Why Didn’t You Exploit IE?

At the CanSecWest Security Conference in Vancouver this week, Charlie Miller made headlines by exploiting a Safari vulnerability on a fully patched Mac OS X system with a fully patched Safari web browser in mere seconds to claim the Pwn2Own prize. Ryan Naraine interviewed Charlie Miller for a ZDNet article and asked him why he exploited Safari- why not exploit Internet Explorer or Firefox. His answer?

“It’s really simple. Safari on the Mac is easier to exploit.  The things that Windows do to make it harder (for an exploit to work), Macs don’t do.  Hacking into Macs is so much easier. You don’t have to jump through hoops and deal with all the anti-exploit mitigations you’d find in Windows.

It’s more about the operating system than the (target) program.  Firefox on Mac is pretty easy too.  The underlying OS doesn’t have anti-exploit stuff built into it.

With my Safari exploit, I put the code into a process and I know exactly where it’s going to be.  There’s no randomization. I know when I jump there, the code is there and I can execute it there.  On Windows, the code might show up but I don’t know where it is.  Even if I get to the code, it’s not executable.  Those are two hurdles that Macs don’t have.”

This is a commentary on Windows more than Internet Explorer. As Miller pointed out, “it’s more about the operating system than the program”. This is a testament to the security controls in place in Windows Vista and Windows 7. The combination of least privilege access enforced by UAC, with DEP (data execution prevention), ASLR (address space layout randomization), and Protected Mode IE provide additional layers of protection which make it harder to exploit vulnerable software. It was the ASLR in particular that Miller pointed out as the hoop that complicates exploits on Windows.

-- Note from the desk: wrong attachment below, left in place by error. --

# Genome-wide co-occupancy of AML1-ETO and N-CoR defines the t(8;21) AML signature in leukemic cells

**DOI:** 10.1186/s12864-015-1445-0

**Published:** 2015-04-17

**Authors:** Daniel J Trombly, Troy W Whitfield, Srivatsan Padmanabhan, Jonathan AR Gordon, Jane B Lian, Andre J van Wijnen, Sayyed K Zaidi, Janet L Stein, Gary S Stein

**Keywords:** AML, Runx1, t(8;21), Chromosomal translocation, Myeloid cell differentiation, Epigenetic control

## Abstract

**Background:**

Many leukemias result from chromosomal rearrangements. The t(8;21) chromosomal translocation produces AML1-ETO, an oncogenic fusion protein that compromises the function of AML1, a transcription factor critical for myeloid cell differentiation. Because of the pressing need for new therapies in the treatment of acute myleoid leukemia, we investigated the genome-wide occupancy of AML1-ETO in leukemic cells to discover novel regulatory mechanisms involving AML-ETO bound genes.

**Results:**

Miller even goes on to suggest that Firefox, and particularly Google’s Chrome browser might be even harder than Internet Explorer to exploit, but its primarily due to the hoops an attacker would have to jump through to exploit a vulnerability in Windows. Seems like fairly high praise for Microsoft’s efforts to build a more secure operating system, especially coming from the guy who just blew a fully patched Mac OS X with a fully patched Safari web browser out of the water in under a minute.


  1. According to an independent research IE is much easier to exploit as compare to other browsers. IE is 300 % more vulnerable to threats as compare to firefox. The new version of IE will be more secure and give extra security protection.

  2. I think that point was made in the article I posted. Maybe not in those terms (there are certainly a variety of surveys and such with different results about which browser has the most holes), but Miller did say that both Firefox and Chrome are more secure than IE.

    The ‘300%’ figure is entirely arbitrary without the underlying methodology and data the figure was derived from, but the 300% is also irrelevant to this post. The point of the post is not that IE is the most secure browser. The point of the post is that ANY browser on Windows is more secure than a browser on Mac OS X because Mac OS X does not have any security mitigation to compare with DEP, ASLR, etc. in Windows Vista and Windows 7.